Door County Circuit Judge David Weber gave a presentation to the Door County Board of Supervisors on a treatment court that the recently established Criminal Justice Collaborating Council has been considering instituting in the county.
“We have a group of people who believe this is something we should seriously be looking at and trying to get established,” Weber said, explaining that the council includes District Attorney Colleen Nordin, Door County Sheriff Tammy Sternard, Public Defender Tara Teesch and Door County Human Services Director Joe Krebsbach.
Weber said treatment court aims to place people who have mental illness and/or are addicted to drugs under high supervision, with daily drug testing and contact, and a weekly court visit to check on their status. The idea is to break the cycle of addiction.
Weber said the only option he and his colleague Judge D. Todd Ehlers have when an addict’s probation is revoked is to send the individual back to jail or prison.
“Evidence shows us that doing that is not a very good thing,” he said. “It might protect society for a short period of time, but these people are not having their problems addressed.”
Weber pointed out that this is not a diversion program, and it is not soft on crime. Participants must plead guilty or no contest to the charges they face and take responsibility for what they have done. It is not open to sex offenders or those who have committed violent crimes.
“We as a team have to decide who’s going to get in,” he said.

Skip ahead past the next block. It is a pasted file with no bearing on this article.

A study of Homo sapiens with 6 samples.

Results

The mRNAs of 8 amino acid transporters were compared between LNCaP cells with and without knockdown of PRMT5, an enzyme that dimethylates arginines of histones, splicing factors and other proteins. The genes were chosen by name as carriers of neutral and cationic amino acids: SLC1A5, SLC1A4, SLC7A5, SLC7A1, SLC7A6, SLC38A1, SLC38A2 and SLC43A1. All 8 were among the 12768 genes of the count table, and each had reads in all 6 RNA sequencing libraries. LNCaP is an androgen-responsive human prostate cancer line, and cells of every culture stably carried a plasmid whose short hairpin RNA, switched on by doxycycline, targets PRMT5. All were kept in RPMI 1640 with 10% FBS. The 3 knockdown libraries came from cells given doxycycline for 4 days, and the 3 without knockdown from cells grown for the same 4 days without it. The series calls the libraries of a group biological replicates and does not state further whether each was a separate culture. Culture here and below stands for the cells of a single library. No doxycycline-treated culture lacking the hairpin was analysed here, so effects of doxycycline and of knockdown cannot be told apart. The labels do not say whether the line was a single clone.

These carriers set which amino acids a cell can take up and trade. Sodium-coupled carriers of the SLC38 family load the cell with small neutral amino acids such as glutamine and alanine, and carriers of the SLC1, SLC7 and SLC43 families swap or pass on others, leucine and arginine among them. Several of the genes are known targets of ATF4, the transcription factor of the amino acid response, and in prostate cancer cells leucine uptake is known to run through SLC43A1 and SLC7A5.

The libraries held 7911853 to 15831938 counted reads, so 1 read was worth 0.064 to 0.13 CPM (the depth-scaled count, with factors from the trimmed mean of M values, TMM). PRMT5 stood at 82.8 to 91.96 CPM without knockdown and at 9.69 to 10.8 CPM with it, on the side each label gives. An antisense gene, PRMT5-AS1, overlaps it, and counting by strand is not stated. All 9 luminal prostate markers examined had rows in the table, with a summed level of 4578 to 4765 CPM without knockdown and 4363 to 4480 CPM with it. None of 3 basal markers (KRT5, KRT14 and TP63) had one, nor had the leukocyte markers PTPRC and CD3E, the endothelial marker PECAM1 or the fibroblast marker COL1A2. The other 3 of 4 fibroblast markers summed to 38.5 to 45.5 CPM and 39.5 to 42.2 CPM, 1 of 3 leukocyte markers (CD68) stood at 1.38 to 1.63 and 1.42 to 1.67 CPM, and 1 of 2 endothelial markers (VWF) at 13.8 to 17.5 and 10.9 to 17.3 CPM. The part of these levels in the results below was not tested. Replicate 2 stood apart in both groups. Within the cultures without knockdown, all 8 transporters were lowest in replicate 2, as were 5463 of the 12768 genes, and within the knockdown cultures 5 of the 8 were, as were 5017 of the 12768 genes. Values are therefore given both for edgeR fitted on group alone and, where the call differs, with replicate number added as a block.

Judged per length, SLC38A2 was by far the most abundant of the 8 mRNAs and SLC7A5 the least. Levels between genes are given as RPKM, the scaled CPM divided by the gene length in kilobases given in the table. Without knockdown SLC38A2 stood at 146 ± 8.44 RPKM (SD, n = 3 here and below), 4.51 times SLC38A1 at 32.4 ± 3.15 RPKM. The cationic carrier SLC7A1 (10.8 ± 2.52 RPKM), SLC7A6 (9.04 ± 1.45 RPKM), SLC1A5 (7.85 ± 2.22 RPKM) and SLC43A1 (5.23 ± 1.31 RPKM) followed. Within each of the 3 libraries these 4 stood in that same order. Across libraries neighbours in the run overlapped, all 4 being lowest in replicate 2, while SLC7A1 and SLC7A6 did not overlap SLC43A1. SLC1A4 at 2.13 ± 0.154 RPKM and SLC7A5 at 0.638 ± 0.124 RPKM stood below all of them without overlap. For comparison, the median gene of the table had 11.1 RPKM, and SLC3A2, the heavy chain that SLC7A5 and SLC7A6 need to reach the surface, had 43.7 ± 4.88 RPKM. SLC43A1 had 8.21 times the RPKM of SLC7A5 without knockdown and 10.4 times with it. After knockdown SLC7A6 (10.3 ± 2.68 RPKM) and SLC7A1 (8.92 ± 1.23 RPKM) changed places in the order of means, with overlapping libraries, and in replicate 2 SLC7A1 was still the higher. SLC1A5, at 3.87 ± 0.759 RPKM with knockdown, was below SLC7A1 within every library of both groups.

Weber added that treatment court is not a panacea but is one more tool in the justice system, and that there are 86 treatment courts operating in the state already.
“We think it’s time for this to happen in Door County,” he said.
Weber said two other justice-system tools that Sternard has introduced are working well. One is Operation Fresh Start, a program for Door County residents who are committed to jail for at least 60 days. The program offers alcohol and drug treatment, education about housing and finance, and community service as ways to get time taken off their sentences and re-enter the community with better skills.
The other program is Pathways of Door County, a one-time diversion program for young, low-level offenders.
Weber said the council applied for a treatment-court training grant that was approved by the National Drug Court Association. The training will take place at Stone Harbor April 24-26, and he invited the public to stop in during the training to learn more about the program.